Tuesday, December 21, 2004

The Greeks called everybody barbarians

A couple of days ago, I finished reading The Portable Greek Historians from which I was assigned reading selections in my Freshman Humanities class two and a half years ago. Man, oh, man. The thing is, it wasn't half bad.

Herodotus has a really obnoxious tendency to go off on tangents to the point that I sometimes forgot what it was that he was talking about. This is not a good habit to have when you are chronicling a war. Still, this is where you read about Leonidas and his two hundred Spartans holding off the entire Persian army. I also learned that one of the principle generals on the Persian side was a woman, Queen Artemisia. She was one of Xerxes I's most trusted strategists and generals. I mean, think about it. The people of this time barely recognized women as rational beings, yet this woman was a general and trusted advisor to the King of Persia.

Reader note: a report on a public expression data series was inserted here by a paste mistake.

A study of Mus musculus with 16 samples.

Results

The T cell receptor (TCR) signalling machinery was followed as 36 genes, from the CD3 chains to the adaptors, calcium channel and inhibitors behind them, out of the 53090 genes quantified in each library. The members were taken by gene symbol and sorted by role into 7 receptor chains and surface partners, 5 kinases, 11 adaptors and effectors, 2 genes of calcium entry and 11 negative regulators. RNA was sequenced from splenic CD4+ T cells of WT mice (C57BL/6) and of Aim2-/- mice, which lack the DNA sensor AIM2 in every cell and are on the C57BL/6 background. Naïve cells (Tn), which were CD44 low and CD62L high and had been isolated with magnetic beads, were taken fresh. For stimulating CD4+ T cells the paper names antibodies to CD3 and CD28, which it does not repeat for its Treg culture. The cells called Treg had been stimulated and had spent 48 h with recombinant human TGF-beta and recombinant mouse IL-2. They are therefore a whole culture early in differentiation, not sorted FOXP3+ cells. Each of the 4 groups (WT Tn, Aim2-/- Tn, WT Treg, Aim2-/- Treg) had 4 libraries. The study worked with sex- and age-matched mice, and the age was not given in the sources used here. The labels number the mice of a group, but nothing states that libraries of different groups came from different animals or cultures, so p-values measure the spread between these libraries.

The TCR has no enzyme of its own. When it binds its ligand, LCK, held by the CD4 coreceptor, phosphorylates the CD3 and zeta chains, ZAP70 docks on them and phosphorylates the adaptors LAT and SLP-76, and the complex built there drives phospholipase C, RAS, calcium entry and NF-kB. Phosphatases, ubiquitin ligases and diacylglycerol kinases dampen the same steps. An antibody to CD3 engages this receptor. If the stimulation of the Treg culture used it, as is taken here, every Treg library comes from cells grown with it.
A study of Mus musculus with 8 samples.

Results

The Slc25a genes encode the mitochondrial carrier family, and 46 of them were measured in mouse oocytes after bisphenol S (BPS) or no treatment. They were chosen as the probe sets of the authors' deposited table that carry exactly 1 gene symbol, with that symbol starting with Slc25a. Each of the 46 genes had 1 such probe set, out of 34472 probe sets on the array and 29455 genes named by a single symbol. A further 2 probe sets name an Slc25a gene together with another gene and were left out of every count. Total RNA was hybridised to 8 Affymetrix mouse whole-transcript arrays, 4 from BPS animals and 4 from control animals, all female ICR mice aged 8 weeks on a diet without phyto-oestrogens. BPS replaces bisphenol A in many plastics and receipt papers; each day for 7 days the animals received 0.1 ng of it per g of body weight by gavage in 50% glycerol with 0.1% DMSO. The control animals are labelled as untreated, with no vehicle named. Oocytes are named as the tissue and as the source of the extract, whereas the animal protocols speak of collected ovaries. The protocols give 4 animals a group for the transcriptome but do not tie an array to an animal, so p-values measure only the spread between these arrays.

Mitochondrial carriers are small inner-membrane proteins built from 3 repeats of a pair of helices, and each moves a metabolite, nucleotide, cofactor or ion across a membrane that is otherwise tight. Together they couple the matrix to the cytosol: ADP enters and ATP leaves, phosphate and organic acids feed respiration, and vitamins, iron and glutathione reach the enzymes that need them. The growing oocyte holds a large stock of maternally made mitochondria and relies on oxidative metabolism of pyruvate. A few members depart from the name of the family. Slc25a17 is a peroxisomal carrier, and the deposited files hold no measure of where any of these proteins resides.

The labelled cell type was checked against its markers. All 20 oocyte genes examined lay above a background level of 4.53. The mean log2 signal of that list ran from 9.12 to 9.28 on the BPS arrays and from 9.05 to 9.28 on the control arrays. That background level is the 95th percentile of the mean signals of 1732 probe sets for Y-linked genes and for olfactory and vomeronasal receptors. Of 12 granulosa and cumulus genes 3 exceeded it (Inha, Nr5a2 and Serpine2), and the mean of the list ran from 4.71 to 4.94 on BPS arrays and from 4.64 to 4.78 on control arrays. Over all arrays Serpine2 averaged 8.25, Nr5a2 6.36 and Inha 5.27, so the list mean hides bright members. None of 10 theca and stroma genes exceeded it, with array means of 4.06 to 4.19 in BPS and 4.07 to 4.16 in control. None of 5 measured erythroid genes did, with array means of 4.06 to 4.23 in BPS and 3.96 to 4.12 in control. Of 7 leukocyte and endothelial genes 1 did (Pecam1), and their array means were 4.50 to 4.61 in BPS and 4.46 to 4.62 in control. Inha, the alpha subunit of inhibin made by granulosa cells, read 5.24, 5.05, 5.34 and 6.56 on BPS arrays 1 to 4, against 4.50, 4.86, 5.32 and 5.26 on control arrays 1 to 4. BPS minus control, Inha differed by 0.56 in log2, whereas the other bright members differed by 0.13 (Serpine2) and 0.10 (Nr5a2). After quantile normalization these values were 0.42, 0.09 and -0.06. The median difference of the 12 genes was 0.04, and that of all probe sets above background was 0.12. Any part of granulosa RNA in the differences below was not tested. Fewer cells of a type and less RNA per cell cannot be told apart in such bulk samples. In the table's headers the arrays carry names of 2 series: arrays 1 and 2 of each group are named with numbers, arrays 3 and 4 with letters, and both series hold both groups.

Thucidydes was by far my favorite. That man was a historian by God. Of the others, Xenophon tells a pretty good story and paints a nice picture. Polybius was interesting but I don't remember anything he said aside from some things on the Achaen League and how they were justified in using force to unify Greece under a democracy.

Now, to make up for my inconclusive rambling - once again I didn't write about the book until almost a week after I read it - here is an introduction to Achewood, by way of yesterday's comic.

Achewood lays out a pretty unique beat, so don't despair if you don't get it. Sample some of the story lines and see if you can dig it. Definitely, in my opinion, and I'm not going out on a limb here, one of the best webcomics out there. If you like things, anyway.

In other news, I am reading some selected political writings of Augustine. Interesting. I am also reading The Devil's Panties, a diary-type webcomic. The two authors should never meet. I'm sure only one of them would find it amusing.